Conversations with Primo Levi; Aharon Appelfeld; Ivan Klima; IB Singer about Bruno Schulz; Milan Kundera; Edna O'Brien; Mary McCarthy; and pictures by Malamud and Guston.
How is literature made in the writer's mind, and how is the writer's mind engaged by what is happening out in the world?
In Philip Roth's intimate intellectual encounters with an international and diverse cast of writers, they explore the importance of region, politics and history in their work and trace the imaginative path by which a writer's highly individualised art is informed by the wider conditions of life.
Milan Kundera and Czechoslovakia, Primo Levi and Auschwitz, Edna O'Brien and Ireland, Aharon Appelfeld and Bukovina, Ivan Klima and Prague, Isaac Singer and Warsaw, Bruno Schulz and Poland - what is the intricate transaction between the susceptible writer and the provocative time and place? Roth's questions go to the original conditions that stimulate the narrative impulse, and he puts them to writers who are as attuned to the subtleties of literature as to the influence of the surrounding society.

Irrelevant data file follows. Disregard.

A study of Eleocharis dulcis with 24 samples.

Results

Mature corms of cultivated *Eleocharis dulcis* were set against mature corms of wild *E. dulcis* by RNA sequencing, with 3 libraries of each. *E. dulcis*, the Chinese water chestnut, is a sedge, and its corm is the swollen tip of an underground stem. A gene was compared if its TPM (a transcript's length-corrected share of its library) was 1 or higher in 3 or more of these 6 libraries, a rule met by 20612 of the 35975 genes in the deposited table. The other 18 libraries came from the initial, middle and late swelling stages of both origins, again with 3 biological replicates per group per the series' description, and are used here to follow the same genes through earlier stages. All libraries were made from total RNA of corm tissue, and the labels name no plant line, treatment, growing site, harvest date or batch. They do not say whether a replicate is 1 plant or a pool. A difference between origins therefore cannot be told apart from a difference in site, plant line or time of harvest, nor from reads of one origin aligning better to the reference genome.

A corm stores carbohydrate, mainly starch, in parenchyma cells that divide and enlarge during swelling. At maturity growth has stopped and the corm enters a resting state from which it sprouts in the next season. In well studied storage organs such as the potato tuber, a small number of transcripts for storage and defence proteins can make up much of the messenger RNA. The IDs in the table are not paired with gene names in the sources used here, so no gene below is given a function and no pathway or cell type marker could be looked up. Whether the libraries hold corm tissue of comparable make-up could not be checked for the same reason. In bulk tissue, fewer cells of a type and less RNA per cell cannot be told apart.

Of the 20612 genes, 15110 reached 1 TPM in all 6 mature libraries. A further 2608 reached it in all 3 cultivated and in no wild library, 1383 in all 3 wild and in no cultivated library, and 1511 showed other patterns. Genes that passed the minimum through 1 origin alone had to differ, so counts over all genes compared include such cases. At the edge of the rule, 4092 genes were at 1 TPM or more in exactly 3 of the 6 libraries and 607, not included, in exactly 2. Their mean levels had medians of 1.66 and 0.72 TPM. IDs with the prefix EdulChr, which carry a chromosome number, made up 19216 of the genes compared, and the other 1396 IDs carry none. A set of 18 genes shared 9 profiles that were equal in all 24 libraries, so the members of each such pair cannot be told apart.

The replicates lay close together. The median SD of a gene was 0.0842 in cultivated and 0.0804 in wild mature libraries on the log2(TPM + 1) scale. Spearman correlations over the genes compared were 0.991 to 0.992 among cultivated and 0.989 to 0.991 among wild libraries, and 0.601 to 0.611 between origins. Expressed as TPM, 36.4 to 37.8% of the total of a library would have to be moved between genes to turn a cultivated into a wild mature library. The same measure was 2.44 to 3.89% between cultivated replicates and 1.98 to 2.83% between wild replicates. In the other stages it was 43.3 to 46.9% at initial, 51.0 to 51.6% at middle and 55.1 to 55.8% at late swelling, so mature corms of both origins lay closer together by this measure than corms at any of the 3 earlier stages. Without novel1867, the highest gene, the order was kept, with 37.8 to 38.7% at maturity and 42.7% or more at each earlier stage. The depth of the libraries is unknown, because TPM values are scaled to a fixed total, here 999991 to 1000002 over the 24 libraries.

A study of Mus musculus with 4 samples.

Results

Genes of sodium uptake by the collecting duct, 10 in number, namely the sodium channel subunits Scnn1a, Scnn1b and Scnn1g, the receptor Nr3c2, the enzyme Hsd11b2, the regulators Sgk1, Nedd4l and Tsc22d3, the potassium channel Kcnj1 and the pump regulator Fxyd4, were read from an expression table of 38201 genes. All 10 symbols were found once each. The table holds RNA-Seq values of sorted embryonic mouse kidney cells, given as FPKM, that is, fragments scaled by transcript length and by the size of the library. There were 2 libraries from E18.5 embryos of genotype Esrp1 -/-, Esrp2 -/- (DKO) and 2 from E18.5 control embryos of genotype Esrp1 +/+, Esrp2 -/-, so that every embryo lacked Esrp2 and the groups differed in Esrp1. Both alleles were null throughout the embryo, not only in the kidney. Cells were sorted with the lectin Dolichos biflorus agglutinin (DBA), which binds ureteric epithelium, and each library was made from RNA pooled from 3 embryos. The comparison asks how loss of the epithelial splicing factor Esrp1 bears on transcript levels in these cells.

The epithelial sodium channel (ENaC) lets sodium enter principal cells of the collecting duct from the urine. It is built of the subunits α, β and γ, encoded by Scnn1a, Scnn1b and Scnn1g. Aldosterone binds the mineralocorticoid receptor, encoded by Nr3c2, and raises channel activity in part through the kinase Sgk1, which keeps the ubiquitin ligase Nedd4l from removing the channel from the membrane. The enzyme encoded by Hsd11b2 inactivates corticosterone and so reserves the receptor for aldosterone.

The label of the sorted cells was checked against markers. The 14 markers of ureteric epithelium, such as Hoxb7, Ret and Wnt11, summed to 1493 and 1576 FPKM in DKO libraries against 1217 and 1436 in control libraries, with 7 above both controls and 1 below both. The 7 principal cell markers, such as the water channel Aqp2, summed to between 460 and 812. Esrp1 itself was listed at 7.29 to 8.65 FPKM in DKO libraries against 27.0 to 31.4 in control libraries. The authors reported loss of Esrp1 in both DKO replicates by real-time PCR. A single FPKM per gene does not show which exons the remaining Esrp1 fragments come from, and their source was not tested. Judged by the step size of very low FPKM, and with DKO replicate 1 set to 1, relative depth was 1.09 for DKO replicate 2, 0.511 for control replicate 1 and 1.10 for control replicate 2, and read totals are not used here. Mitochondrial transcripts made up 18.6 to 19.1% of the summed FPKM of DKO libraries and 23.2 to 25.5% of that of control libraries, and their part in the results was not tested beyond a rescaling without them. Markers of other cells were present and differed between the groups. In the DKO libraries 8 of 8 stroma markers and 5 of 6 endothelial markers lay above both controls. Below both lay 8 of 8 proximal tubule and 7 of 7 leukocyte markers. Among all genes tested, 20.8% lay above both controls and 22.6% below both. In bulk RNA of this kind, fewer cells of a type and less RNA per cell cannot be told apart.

Also included are appreciative portraits of two of Roth's late friends, each transfixed till the end by his artistic vocation - the writer Bernard Malamud and the painter Philip Guston - as well as several cartoons drawn by Guston, a gift to Roth to illustrate his novella 'The Breast'. 'Shop Talk' concludes with Roth's essay 'Rereading Saul Bellow', a vivid presentation of Bellow's achievement and, in the spirit of this collection, very much a colleague's reading.